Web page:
A Good Night’s Sleep Reduces Anxiety

by Sandi Schwartz

All of us have seen what happens to our kids if they skip a nap or go to bed too late (can we say cranky monster on the loose?!). But did you know that sleep deprivation can also make them more anxious?

Sleep plays a major role in how we function. According to the National Alliance on Mental Illness, poor sleep has been shown to significantly worsen the symptoms of many mental health issues including anxiety. It is clear that good sleep is necessary for prevention and recovery of anxiety.

A University of Colorado study found that toddlers with insufficient naps were more anxious and frustrated. Researchers observed facial expressions of two and three-year-olds after they skipped their typical nap and then on another day after they had their normal nap. The results show that the loss of a nap made the children less excited about positive events and more frustrated with challenges they faced than when they were well-rested. The sleepy children had more difficulty expressing their emotions. Over time, this lack of sleep may shape their developing emotional brains and put them at risk for lifelong, mood-related problems.

Another study from the University of Pennsylvania found that individuals who were limited to only 4.5 hours of sleep a night for one week reported feeling more stressed, angry, sad, and mentally exhausted. When they went back to a normal sleep routine, they experienced a dramatic improvement in mood.

How Sleep is Linked to Anxiety

When our children don’t sleep enough, they can experience the following changes that lead to anxious feelings.

Body Unable to Repair Itself

Sleep is the time when our body repairs itself, such as relaxing muscles tense from stress. Without sleep, stress builds up, which can lead to more anxiety the next day.

Brain Stress

Scientists believe that during sleep our brain regenerates neurons that affect various areas of thought, emotion, and health. When we don’t sleep enough, these neurons do not regenerate, and in some cases stop functioning altogether.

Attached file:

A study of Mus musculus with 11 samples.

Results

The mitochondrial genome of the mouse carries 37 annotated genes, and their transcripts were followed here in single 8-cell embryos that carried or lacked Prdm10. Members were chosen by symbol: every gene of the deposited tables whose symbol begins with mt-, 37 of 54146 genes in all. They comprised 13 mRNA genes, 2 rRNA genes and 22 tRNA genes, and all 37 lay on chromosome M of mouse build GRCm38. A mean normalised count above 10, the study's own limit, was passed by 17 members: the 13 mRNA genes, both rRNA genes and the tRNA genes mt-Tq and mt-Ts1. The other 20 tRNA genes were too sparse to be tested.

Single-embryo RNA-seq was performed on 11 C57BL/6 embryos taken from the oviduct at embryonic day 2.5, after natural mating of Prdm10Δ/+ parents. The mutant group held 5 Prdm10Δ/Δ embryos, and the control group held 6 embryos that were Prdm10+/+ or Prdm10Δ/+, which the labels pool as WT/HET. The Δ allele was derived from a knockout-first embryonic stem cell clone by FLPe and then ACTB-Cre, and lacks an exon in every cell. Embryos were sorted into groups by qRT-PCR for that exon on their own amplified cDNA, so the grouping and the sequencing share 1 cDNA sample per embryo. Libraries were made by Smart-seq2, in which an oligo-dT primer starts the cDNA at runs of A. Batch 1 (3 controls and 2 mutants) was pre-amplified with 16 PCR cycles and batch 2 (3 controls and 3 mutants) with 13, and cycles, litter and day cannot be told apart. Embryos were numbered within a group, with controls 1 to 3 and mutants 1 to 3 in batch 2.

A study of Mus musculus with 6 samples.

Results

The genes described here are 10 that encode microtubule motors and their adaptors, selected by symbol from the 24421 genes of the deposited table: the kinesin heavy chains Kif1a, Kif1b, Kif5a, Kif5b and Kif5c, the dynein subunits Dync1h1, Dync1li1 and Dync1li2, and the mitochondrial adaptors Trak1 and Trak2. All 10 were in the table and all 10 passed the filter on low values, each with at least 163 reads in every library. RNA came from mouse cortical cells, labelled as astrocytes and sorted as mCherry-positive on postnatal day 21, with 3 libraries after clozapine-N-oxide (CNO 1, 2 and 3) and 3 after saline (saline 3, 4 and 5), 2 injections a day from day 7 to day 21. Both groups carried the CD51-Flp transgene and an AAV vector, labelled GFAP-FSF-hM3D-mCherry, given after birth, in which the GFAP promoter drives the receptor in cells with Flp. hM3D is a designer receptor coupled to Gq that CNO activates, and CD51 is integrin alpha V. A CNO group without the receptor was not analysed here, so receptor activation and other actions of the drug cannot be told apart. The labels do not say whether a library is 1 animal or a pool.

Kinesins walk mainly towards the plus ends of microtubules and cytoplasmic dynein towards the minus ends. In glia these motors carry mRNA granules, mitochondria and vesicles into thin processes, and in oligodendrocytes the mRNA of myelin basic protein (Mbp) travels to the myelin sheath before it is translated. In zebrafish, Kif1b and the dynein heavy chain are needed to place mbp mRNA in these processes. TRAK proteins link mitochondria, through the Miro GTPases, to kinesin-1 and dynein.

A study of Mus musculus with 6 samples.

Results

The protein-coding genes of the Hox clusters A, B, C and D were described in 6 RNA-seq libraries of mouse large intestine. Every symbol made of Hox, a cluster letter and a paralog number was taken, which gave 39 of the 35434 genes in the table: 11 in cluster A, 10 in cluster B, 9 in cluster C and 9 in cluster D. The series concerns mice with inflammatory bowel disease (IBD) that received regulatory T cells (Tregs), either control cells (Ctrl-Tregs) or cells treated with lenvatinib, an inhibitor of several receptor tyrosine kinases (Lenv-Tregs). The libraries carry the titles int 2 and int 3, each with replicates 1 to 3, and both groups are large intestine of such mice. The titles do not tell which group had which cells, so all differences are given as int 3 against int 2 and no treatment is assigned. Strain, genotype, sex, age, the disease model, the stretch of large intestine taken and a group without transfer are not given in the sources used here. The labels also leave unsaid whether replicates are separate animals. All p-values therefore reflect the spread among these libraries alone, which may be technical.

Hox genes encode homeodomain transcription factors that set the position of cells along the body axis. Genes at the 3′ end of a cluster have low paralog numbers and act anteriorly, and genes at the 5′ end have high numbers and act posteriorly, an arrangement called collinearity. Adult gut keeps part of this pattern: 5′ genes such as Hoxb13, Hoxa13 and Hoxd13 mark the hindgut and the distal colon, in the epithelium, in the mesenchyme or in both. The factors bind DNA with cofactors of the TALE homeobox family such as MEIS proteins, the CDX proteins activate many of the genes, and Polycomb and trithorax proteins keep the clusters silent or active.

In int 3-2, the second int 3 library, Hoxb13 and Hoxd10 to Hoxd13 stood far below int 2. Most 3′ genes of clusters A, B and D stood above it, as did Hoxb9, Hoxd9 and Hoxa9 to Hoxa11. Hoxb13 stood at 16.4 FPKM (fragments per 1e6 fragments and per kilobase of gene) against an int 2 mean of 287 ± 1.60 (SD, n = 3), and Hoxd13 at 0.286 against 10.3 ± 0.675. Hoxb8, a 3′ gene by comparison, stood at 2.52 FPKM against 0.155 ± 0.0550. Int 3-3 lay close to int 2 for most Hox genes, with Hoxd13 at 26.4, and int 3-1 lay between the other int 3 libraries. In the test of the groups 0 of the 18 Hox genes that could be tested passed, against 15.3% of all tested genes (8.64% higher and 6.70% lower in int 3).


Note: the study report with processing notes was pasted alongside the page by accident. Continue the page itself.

Physical Symptoms

Sleep deprivation can exacerbate any physical symptom or illness. When children and teens don’t get enough sleep, they can experience headaches, nausea, muscle soreness, tremors, slurred speech, or dizziness. Sometimes sleepiness can also lead to odd sensations like tingling or aches and pains. These physical symptoms can be alarming, causing worry that something is seriously wrong.

See Also

Elevated Adrenaline

Scientists have shown that lack of sleep leads to an increase in levels of adrenaline. Because anxiety can be caused by chronic adrenaline, there is a link between too little sleep and feeling anxious.

Anticipatory Anxiety

University of California at Berkeley researchers discovered that a lack of sleep may play a key role in triggering the brain regions that contribute to excessive worrying. Sleep deprivation makes anticipatory anxiety worse by firing up the brain’s amygdala and insular cortex, regions associated with emotional processing. The resulting brain activity mimics the abnormal activity seen in people with anxiety disorders. In addition, those who are naturally anxious are more sensitive to the effects of not getting enough sleep.

Creates a Negative Cycle

Sleep anxiety, or insomnia, is a problem for 40 million Americans including many children. Sometimes it is hard to tell whether a child’s anxiety leads to sleep problems or if the sleep problems are causing the anxiety. This can become a frustrating cycle if a child is not sleeping well and suffering from anxiety.